Americans struggle to recycle outside the kitchen

Americans struggle to recycle outside the kitchen

By Bobby Elliott, Resource Recycling

April 23, 2014

A new study indicates that while three of four Americans say they recycle at least occasionally, less than half of survey respondents divert materials used in non-kitchen areas of their homes.

The study, commissioned by Johnson & Johnson and carried out by Cone Communications, found that the two most significant barriers to non-kitchen recycling come down to "the lack of room-specific recycling bins and clear product labeling."

"Labels build awareness of what is recyclable, and household bins, ideally within arm's reach, help many of us take the next step of separating recyclables," Paulette Frank, Johnson & Johnson's vice president of sustainability, stated in the report.

Digging a little deeper, the wide-ranging data collected by Cone provides some interesting industry insight.

Just 46 percent of survey respondents said they "always" recycle, while another 26 percent reported they "almost always" recycle. About 10 percent of adults said they never or rarely recycle and 18 percent stated they "sometimes" recycle.

Interestingly, Hispanics represented the most fervent recycling advocates among polled consumers, with 53 percent reporting they always recycle and data suggesting extra care — and time — is spent by the group on researching the recyclability of products.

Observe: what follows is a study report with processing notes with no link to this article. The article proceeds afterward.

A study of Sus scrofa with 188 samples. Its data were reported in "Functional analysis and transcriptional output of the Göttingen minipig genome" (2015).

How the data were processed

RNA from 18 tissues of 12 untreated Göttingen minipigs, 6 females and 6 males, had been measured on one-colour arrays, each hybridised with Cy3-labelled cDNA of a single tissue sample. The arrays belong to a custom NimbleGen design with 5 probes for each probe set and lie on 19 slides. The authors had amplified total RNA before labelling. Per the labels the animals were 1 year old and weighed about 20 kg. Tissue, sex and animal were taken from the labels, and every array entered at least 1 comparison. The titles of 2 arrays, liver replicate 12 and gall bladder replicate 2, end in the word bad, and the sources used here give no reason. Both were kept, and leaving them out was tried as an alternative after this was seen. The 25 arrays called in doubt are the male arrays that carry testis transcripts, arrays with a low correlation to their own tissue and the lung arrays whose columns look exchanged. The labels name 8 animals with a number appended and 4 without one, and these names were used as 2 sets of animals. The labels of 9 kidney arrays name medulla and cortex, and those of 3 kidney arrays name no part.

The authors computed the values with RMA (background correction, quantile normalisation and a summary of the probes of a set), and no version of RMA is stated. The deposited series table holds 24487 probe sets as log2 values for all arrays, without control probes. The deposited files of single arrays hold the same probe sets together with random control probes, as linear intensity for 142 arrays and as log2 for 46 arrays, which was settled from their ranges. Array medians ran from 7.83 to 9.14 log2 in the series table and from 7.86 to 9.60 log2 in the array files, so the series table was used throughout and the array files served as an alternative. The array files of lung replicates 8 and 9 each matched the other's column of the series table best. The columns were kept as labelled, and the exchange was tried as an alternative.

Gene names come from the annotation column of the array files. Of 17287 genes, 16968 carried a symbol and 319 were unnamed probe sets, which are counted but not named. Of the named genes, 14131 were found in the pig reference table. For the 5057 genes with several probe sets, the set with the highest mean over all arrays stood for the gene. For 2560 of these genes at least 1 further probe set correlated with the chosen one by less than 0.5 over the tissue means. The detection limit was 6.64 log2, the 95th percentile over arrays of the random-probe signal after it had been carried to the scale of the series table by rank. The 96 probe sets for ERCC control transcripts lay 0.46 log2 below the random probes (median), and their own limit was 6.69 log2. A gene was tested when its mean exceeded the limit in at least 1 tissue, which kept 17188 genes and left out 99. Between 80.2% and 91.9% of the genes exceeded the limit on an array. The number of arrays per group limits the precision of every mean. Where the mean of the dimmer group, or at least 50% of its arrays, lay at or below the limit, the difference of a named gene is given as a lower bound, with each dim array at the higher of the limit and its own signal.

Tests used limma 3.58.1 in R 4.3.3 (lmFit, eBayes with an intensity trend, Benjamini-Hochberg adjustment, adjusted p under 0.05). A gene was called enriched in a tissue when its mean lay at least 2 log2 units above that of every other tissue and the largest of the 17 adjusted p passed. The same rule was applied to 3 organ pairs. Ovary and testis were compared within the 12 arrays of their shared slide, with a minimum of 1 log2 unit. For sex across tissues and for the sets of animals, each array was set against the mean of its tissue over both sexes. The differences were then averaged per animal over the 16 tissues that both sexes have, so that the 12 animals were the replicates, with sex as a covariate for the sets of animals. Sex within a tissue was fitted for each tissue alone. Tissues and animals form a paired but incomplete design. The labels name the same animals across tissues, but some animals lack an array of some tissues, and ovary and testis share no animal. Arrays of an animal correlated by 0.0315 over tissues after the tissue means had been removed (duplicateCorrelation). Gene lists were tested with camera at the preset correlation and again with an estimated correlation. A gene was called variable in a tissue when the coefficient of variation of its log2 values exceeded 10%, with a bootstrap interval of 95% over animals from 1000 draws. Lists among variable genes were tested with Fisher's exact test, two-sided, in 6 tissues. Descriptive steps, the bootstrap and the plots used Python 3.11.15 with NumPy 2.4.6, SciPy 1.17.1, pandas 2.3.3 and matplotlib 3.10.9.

Approximately 56 percent of U.S. households are outfitted with a kitchen recycling bin, the study found, and 43 percent of homeowners said there's also one in either the basement or garage. Beyond those arenas, however, recycling bin prevalence drops: 21 percent of laundry rooms and 14 percent of both home office spaces and bathrooms contain bins.

Respondents said bathroom items ranked as the second-most convenient products to recycle. Three out of four consumers say bathroom items, a key focus of Johnson & Johnson's Care to Recycle program, are "very or somewhat" convenient to recycle.

The other major barrier identified by Cone is product labeling. A little more than 20 percent of consumers say they recycle only items that are clearly labeled as recyclable and 28 percent report recycling items they know are recyclable.

One bright piece of data from the Johnson & Johnson-Cone study suggested that two-thirds of children learned about recycling in school and 62 percent of parents said their children were "very motivated" to recycle.

One possible caveat to the study results is the strict use of the term "recycling bin," which – to some consumers – could exclude paper or plastic bags functioning as alternative receptacles. "I suppose people could be recycling in receptacles other than bins, but nothing in the study confirms that," Cone's Jenn Goonan told Resource Recycling.

A separate study released this week by the National Waste & Recycling Association suggests that two-thirds of Americans know what can and can't be put into recycling bins or carts. The same study, however, shows almost two out of every five consumers believe they can recycle plastic bags through curbside collection programs.